Africa’s interests to take centre stage at COP28 United Nations Framework Convention on Climate Change

Leonard Ncube in Dubai, UAE

THE need to take climate change as a developmental issue and recognising the needs of the African continent, among other priorities, is expected to take centre stage at the 28th Conference of Parties to the United Nations Framework Convention on Climate Change (COP28), which starts here today.

The global convention ends on December 12. By yesterday, thousands of delegates had arrived in the United Arab Emirates for the convention that is being held at the Dubai Expo Centre.

The platform provides a prime moment for global stakeholders to take stock of progress made on the Paris Agreement and help align efforts on climate action, including measures to bridge the implementation gaps.

Government representatives, business leaders and civic society delegates are expected to deliberate on a range of issues, including seeking concrete solutions to defining “issues of our time” and keeping global temperature below 1,5 degrees Celsius.

With global temperatures hitting record highs, and extreme weather events affecting people around the globe, this year’s UN COP28 is a critical opportunity to straighten the course and accelerate action to tackle the climate crisis.

According to the preliminary programme, all climate action post-COP28 should be guided by fairness and equity, with the need to strengthen global response to climate change threats and ensure poverty eradication which is key to sustainable development.

Africa is seeking to unite as a continent and push from a common position for successful implementation of Sustainable Development Goals and reducing the impact of climate change on the countries’ economies.

Assessments have identified action on agriculture and food systems as being key to an effective global climate change response.
Tomorrow will see the global food community coming together in a unified expression of collective action to make new commitments that raise the bar for global ambition and action on food systems transformation.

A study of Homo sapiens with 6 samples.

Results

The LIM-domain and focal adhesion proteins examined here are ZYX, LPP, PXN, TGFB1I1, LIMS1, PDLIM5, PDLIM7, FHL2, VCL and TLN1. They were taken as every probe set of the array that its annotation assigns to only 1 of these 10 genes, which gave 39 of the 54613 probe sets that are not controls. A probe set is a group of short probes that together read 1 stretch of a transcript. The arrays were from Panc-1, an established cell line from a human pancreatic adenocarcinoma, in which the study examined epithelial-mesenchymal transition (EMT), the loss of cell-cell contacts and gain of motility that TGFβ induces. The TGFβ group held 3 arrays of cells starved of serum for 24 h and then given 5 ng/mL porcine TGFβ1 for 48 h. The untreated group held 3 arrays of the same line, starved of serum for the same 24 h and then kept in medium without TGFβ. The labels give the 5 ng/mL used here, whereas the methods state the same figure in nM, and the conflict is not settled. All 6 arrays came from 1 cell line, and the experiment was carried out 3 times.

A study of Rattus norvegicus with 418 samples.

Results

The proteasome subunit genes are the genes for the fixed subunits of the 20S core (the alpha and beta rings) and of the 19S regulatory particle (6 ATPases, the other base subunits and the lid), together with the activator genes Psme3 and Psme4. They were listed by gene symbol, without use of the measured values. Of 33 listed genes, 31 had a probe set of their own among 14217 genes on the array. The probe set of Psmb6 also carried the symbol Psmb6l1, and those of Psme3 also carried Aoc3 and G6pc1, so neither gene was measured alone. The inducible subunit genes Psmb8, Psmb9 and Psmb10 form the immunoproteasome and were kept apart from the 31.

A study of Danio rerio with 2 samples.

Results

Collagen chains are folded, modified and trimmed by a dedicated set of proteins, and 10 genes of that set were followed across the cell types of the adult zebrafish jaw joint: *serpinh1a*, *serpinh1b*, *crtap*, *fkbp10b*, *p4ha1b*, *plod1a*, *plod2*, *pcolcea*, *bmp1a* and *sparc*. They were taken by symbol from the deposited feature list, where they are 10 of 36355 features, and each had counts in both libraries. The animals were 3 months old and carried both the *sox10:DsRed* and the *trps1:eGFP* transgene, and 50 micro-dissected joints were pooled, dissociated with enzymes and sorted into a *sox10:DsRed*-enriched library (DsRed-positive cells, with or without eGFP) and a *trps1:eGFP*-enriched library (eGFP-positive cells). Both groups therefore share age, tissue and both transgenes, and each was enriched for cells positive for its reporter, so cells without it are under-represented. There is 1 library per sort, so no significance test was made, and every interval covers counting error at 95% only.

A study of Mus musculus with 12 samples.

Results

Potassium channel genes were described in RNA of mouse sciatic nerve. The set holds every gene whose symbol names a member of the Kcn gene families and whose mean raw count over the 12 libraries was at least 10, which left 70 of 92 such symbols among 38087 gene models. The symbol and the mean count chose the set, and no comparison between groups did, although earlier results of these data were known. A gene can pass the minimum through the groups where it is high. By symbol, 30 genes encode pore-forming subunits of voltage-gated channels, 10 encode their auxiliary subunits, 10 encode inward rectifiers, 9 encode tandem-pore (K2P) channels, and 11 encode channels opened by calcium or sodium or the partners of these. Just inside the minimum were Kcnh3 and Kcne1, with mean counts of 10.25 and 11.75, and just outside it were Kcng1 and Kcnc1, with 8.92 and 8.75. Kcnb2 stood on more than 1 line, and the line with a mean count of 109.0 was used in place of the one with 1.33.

This will result in the UAE Declaration on Resilient Food Systems, Sustainable Agriculture and Climate Action.

Some sessions will be closed such as the Munich Security Conference, which aims to spark momentum among climate security leaders to address the interlinked challenges of climate   change, peace and security, with a specific focus on foresight, data, and good practices.

Sessions on putting health at the centre of the climate agenda and accelerating water and climate action will also be closed.

The session on Africa Green Industrialisation, jointly arranged by the COP28 Presidency and the  Government of Kenya, will bring together leaders from Africa and the United Arab Emirates, investors and captains of industries to highlight   Africa’s opportunities for green industrialisation as well as showcase successful renewable projects meant to propel Africa towards a carbon-neutral economy.

Some of the sessions will focus on energy, methane and non-carbon dioxide greenhouse gases, protecting nature for climate and lives, Africa green industrialisation, climate innovation, health responses to climate change, accelerating climate change mitigation and innovation for a sustainable  future.

There will be numerous side meetings and  ministerial fora where discussions will focus on empowering law enforcement bodies to protect biodiversity and ensure climate resilience.

The idea is for the world to come up with inclusive and innovative solutions to climate change without leaving anyone or any place behind, with  small to medium enterprises, gender aspects, finance mechanisms   and trade also roped in the course of action.